Saturday, September 15, 2012

Embrace the Suck

It's Friday night.  I finished work a little while ago and then set things up for a quiet, mellow, even peaceful night.  I poured a sturdy tumbler of smooth Chianti, then performed the typical solo dude stuff....turned the History Channel on (vol. off), flipped on my music of choice, recently The xx - Intro, then collapsed deep into the comfort of my man-chair with the suppleness, velocity and style of a high jumper flopping backwards into a canoe.  Perfect.  I was just about to dive headfirst into my righteous tumbler of maroon when out of almost nowhere I was jolted by the distinct rattling bursts of M-16 gun fire, cave buster mortar rounds and the overhead rhythmic chop of rotor blades chased by the swift rumbling of a large, low flying, fixed wing aircraft.

I live in Harvard MA.  Harvard is known for many things, most of these things are good because Harvard is 'that town' you see on seasonal Halmark cards during Thanksgiving and Christmas.  It's beautiful here...all the time.  The fields, rivers and lakes are all amazing.  The Town Center, anchored by The General Store, with it's blended Pottery Barn-Anthropology design, and the lillie white facades of the Unitarian Church and Town Hall could not possibly look more perfectly New England.

Every nook & corner in Harvard is quaint, serine and peaceful and you feel safe here....ninety seven percent of the time.  But three percent of the time Harvard doesn't feel that way.  It doesn't feel safe, peaceful, serine or quaint at all.  And the reason for this is Fort Devens, Harvard's unique and necessary neighbor.  Fort Devens is an active US Army base providing training and facilities for all military and Dept of Defense branches.  As an active training base, Fort Devens conducts live maneuvers and exercises (war simulation/games) which I'd say take place about three percent of the time, roughly.  And it's during the 'war games' that Harvard residents are reminded, in a very physical and tactile way, that there is a great big world out there and that in many of it's places it is hostile and nasty.  To really realize this is pretty sobering, as it should be.  

And it's good, actually, to be reminded, often enough, of the worlds meanest and most lethal places because these are a meaningful reality of our planet, perhaps even the most meaningful reality.  And as much as many of us would prefer not to think about it, places like Fort Devens train and prepare our warrior boys and girls to go out into those lethal hotspots and kill bad guys and hopefully come back alive.  

I've never been in a military war so I can't speak to it from personal experience but I can tell you that every time I feel and hear the calamitous sound of war coming from Fort Devens it rattles the hell out of me for a second or two.  It's like a street fight when the first punch wakes you up to the reality of what you're facing.   I can only imagine what that experience must be like on a daily basis.  It's life and death on line 24-7 and I am blown away by the commitment, resolve and courage of the people that volunteered to face it every day.  It's amazing and humbling.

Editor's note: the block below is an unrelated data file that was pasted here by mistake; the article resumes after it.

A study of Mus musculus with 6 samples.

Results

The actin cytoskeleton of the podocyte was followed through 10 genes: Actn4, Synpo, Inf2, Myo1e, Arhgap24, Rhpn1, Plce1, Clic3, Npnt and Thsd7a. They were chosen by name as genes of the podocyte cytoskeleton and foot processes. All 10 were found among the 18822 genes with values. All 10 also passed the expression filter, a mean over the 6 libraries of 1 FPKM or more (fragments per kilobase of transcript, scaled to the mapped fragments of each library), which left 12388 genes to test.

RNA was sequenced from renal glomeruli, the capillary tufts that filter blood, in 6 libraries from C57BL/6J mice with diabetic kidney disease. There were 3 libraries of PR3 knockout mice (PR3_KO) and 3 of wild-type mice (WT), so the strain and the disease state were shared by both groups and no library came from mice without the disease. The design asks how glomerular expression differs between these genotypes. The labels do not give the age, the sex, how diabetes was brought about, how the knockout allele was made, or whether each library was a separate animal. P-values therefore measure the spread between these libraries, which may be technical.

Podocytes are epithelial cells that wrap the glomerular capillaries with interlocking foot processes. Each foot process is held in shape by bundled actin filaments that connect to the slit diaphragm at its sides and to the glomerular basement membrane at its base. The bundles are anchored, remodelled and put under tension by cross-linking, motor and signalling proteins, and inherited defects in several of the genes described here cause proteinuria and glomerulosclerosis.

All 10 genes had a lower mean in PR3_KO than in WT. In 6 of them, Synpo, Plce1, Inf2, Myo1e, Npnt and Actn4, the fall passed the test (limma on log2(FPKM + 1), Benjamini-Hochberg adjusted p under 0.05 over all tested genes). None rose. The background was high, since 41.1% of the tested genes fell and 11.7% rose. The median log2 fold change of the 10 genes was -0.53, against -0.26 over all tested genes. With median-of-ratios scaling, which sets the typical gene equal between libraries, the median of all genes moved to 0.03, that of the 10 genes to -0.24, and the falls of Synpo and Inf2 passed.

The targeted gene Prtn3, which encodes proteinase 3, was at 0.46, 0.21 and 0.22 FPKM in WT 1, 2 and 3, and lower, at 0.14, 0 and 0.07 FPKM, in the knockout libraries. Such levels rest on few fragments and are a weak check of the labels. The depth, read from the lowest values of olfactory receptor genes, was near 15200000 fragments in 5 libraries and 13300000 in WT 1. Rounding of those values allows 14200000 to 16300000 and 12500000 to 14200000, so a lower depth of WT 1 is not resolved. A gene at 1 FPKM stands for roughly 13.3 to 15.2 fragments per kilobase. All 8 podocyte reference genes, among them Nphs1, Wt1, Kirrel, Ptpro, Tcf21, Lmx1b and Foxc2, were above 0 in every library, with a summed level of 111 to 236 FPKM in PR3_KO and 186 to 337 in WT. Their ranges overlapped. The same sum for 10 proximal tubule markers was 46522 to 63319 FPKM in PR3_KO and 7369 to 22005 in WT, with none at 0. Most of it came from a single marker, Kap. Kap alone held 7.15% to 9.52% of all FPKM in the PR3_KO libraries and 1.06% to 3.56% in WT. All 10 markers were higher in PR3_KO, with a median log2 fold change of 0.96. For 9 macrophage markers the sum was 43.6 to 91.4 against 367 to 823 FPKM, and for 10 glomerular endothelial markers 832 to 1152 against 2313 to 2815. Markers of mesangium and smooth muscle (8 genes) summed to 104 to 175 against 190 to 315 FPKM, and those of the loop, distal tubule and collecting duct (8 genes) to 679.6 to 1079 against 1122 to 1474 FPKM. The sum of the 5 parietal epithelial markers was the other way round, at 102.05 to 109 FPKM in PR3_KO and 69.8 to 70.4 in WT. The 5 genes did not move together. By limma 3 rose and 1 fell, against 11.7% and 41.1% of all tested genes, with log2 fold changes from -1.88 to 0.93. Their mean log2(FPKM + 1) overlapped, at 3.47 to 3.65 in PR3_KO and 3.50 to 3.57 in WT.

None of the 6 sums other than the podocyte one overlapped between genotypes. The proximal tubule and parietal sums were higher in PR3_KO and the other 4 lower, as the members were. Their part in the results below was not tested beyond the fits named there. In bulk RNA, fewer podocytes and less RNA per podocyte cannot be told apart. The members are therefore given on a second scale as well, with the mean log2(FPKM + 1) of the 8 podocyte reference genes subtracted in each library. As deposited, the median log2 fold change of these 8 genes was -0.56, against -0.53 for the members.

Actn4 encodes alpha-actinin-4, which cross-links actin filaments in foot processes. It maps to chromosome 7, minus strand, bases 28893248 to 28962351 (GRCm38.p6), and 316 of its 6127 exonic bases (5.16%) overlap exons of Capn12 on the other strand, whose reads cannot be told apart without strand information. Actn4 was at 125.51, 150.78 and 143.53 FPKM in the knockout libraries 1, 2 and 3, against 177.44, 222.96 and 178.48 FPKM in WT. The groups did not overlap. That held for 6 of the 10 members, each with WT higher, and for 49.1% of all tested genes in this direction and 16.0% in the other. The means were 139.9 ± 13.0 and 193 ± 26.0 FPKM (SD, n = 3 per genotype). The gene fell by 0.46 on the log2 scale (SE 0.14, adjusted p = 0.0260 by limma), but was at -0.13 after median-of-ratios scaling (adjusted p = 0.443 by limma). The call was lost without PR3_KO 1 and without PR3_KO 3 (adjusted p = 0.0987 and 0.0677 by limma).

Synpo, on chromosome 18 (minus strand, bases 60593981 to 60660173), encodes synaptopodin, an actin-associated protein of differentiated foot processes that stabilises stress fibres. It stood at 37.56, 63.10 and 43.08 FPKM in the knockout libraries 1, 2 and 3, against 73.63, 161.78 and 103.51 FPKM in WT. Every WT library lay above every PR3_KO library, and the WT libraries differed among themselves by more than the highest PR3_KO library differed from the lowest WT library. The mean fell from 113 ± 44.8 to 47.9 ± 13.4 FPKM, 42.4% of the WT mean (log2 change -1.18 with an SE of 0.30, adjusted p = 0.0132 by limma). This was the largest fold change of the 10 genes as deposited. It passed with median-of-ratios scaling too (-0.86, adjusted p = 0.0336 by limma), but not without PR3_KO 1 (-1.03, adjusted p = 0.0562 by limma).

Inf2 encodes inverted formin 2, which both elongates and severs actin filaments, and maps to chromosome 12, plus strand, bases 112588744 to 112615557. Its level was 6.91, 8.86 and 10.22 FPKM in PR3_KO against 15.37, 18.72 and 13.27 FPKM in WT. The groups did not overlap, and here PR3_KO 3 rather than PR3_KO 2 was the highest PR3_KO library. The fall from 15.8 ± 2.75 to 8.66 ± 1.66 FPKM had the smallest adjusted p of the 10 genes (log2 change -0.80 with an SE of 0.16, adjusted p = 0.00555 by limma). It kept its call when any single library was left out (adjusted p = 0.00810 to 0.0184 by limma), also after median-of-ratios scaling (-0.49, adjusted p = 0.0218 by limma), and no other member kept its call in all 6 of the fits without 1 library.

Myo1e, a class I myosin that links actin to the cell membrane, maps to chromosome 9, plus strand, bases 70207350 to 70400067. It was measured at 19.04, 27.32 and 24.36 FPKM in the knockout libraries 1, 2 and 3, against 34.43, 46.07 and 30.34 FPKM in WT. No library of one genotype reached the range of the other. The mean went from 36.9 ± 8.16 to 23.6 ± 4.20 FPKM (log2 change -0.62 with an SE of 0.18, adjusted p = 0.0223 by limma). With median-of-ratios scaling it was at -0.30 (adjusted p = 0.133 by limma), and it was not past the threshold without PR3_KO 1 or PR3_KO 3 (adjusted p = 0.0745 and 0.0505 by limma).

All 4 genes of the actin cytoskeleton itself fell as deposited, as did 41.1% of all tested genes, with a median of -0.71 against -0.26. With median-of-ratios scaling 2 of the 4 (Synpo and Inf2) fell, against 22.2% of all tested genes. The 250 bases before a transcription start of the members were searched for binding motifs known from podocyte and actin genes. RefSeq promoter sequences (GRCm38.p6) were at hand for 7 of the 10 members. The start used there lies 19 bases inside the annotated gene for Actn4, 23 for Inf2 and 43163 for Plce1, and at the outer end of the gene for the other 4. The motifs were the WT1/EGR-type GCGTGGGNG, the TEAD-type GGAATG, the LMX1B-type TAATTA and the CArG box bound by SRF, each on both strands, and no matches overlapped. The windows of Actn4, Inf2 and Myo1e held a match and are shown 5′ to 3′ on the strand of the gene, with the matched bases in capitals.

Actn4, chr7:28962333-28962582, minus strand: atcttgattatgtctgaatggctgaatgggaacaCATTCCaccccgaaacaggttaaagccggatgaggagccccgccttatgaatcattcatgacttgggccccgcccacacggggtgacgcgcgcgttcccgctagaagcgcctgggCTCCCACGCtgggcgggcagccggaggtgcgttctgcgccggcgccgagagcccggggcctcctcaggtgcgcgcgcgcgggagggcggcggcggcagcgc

Chris Hedges, is an American Pulitzer Prize-winner journalist and war correspondent specializing in American and Middle Eastern politics and societies.  Here's what Chris said about war.

‘The rush of battle is often a potent and lethal addiction, for war is a drug’.  

I'm not exactly sure how to face that but I saw the movie 'The Hurt locker' and that movie felt pretty authentic to me.  I think what Chris is saying was shown in that movie.  It's really complex and there is a lot of suffering and a lot of courage and there are many other things to it as well.  All I know for sure is that Harvard is a long way from bum fuck Afghanistan but sometimes it feels really, really close.  It's uncomfortable but it's good to be mindful and to remember.  Strength and honor.  Bless our boys and girls.  

Peace and roll strong.


  1. My father was in the US army for 21 years - a long and sordid tale I won't bore you with other than to say he did three tours of vietnam, and living the realization that he might not have made it home several times between that and other hostile deployments isn't really anything you can describe. He (we) spent the last seven years of his career stationed on fort devens, then when he retired they bought a house in Ayer. I lived there for another three years until I moved out - to Shirley. All told I lived withing easy-listening distance of the devens training range for 12 years, and was never far away from live-fire exercises for my entire life until I moved from the nashoba valley area in 1986. In the early 90's my second wife and I spent the night at my parents house, her first overnight visit there. She asked if the street they lived on was noisy, and I said the only noise she might here is if the fire department gets a call, which wasn't likely. Little did I know the national guard was conducting night maneuvers, complete with artillery and air cavalry (helicopters). It was like trying to sleep through a war. I was used to it, having grown up with it, but she didn't sleep a wink.....good times.....

  2. Thanks for sharing that. Yeah it's pretty eye opening.